Crane said it wouldn’t prevent drag shows or other sexually explicit performances from occurring but would bar minors from attending. He refused to answer questions.

BOISE, Idaho — This story first appeared in the Idaho Press.

The Idaho House of Representatives on Tuesday passed drag show and abortion trafficking bills, moving the legislation ahead of several budget bills on the calendar.

Rep. Brent Crane, R-Nampa, sponsored the “drag show bill,” HB 265, which requires reasonable steps to prevent minors from attending sexually explicit performances and creates a civil penalty. The House voted 48-21 to pass the legislation.

Crane said it wouldn’t prevent drag shows or other sexually explicit performances from occurring but would bar minors from attending. He refused to answer questions during debate on the bill, because “this is such an obvious issue.”

“If you agree with me, and you believe that our children should not be exposed to sexually explicit drag shows, I’d ask for your green light,” Crane said to close debate.

House Minority Leader Ilana Rubel, D-Boise, said the bill’s language is too broad and will prohibit constitutionally protected activities and create a chilling effect for most types of performances.

“This bill spells death to our performing arts industry, and they are terrified,” Rubel said.

She noted that obscenity is already prohibited in Idaho, and said that the bill’s definition of “sexual exhibition” would be up to a jury to decide — she argued it could be interpreted to include cheerleading performances or high school dance teams.

The civil penalty would be for up to $10,000 as well as damages for all psychological, emotional, economic and physical harm suffered. A minor or parent of a minor exposed to a performance could sue within four years of the incident.

The bill would create a criminal penalty for any public facility used for sexual exhibitions, which may stop performances that including anything that “constitutes a hip wiggle,” Rubel said.”Because they’re looking at five years in prison if they guess wrong.”

“This is going so far beyond whatever stated desire to protect children from bad things,” she said. “This is crippling to culture in Idaho.”

Rep. Bruce Skaug, R-Nampa, said that he has prosecuted an obscenity case and he believes that the legislation would pass constitutional muster.

“Really, this is simply a protect-the-children-from-perverts bill,” Skaug said.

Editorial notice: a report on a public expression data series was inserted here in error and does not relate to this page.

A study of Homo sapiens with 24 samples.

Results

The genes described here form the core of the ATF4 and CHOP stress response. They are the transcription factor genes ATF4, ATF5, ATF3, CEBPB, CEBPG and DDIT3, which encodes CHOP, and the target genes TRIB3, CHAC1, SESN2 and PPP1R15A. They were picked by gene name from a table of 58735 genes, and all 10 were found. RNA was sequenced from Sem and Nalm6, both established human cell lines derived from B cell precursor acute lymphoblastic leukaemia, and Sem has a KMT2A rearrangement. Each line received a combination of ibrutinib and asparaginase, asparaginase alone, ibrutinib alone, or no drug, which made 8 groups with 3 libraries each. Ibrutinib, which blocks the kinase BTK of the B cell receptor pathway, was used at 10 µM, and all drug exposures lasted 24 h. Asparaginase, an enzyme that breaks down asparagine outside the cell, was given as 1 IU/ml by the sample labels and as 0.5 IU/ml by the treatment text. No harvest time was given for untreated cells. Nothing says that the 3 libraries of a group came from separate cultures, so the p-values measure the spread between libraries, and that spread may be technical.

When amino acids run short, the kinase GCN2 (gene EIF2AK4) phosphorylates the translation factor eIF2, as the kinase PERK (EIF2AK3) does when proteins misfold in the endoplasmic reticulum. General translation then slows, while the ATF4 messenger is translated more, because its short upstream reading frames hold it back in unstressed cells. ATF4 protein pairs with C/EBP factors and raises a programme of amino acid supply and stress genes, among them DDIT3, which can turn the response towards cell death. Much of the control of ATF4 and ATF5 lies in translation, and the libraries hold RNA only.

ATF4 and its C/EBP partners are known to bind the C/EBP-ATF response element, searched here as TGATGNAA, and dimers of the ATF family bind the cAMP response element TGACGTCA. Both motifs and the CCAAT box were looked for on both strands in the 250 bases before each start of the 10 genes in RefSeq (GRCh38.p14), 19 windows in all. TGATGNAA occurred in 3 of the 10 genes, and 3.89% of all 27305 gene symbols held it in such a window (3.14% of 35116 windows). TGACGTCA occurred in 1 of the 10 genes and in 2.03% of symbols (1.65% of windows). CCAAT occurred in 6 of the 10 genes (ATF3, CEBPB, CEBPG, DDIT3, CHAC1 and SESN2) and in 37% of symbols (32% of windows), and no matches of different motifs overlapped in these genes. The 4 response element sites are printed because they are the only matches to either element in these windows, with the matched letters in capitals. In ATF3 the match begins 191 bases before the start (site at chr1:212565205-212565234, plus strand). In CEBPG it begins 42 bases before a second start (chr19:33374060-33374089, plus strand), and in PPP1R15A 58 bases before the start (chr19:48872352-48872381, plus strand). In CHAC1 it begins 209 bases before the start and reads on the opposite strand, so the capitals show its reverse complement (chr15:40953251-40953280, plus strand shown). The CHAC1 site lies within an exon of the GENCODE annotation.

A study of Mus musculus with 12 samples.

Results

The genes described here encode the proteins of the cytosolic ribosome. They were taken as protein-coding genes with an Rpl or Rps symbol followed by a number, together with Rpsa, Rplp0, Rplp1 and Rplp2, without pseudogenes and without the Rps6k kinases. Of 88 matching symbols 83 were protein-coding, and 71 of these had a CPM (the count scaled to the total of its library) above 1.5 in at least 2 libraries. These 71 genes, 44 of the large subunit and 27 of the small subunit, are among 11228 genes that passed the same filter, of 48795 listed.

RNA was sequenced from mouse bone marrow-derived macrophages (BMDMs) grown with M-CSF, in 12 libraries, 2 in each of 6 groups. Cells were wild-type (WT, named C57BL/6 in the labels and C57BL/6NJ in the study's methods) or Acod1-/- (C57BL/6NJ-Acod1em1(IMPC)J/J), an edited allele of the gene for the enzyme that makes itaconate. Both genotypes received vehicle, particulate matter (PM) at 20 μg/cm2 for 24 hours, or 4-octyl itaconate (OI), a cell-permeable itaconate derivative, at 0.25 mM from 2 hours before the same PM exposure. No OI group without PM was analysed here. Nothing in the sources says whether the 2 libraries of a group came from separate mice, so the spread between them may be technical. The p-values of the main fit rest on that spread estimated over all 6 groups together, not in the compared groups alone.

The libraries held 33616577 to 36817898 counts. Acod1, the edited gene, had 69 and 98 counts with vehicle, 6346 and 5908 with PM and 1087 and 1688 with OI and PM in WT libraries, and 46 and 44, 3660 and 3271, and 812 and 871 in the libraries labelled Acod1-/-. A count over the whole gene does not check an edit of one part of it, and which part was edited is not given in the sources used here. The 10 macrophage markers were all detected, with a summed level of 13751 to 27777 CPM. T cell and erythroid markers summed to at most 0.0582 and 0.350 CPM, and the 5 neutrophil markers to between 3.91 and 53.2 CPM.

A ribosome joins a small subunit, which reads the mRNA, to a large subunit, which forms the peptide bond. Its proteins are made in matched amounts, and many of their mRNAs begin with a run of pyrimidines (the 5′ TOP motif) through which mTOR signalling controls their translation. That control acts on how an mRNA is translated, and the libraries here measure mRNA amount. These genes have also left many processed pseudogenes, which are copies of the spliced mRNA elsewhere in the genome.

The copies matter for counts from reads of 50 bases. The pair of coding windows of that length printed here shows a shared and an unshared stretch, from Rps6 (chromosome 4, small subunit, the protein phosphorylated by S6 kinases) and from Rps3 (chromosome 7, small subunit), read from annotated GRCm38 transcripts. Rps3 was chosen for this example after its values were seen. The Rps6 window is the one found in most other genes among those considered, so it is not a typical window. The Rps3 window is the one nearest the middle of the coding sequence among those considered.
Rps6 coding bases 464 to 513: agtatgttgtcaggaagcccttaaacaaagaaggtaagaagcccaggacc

Rep. Dan Garner, R-Clifton, was the only Republican to debate against the bill. He said during his time serving on a school board, the parents would complain about the cheerleaders’ routines or dance team.

“It’s painting everything with such a broad brush,” Garner said.

The bill was authored and presented in committee by Idaho Family Policy Center President Blaize Conzatti, the Idaho Press previously reported.

Conzatti had said in a press release that the legislation was in response to drag performances during Pride festivals in Coeur d’Alene and Boise.

Abortion trafficking

The House on Tuesday also voted 57-12 to pass a bill that would criminalize transporting a minor out of state for an abortion with an intent to conceal it from the parent.

Reps. Barbara Ehardt, R-Idaho Falls, and Kevin Andrus, R-Lava Hot Springs, co-sponsored HB 242.

“We are only looking to continue to protect our children and our parental rights,” Ehardt said.

Assistant House Minority Leader Lauren Necochea, D-Boise, noted that while the bill was about abortion trafficking, much of it was changing the existing civil penalties for providers who perform an abortion.

The changes include requiring those who provide an abortion in the state to pay for damages in a lawsuit out of their pocket rather than through an insurance policy. It also adds language that says civil action may not be brought by someone who impregnated the woman seeking an abortion through rape or incest and adds situations that may not be used as defenses under the existing civil enforcement against abortions.

“Our providers are already really struggling with the criminal provisions that we have in place around abortion and this just makes it that much worse, and that much harder for them to make decisions that can even just keep a pregnant person healthy and protect their future fertility,” Necochea said. 

She also said it could create problems for young people who may not feel safe telling their parents about a pregnancy or abortion, and it limits what adults can do to help those young people.

Necochea argued it would limit parental rights, because there wasn’t a true exception for parental permission but only an affirmative defense. She argued the Legislature should stop passing bills with the affirmative defense mechanism rather than exemptions — such as the Texas-style abortion ban that includes affirmative defenses for rape and incest if there is a police report.

“They create fear and can lead to needless prosecution,” Necochea said of the mechanism.

Only Necochea and Rep. Steve Berch, D-Boise, debated the bill; no one debated in favor.

Both bills had been on the second reading calendar, which means they were scheduled to be read on the floor before being placed on the third reading calendar for a vote. House Majority Leader Megan Blanksma moved them to the top of the schedule, with unanimous consent of the chamber, moving them ahead of third reading calendar items such as a bill to change the absentee voter process and several budget bills.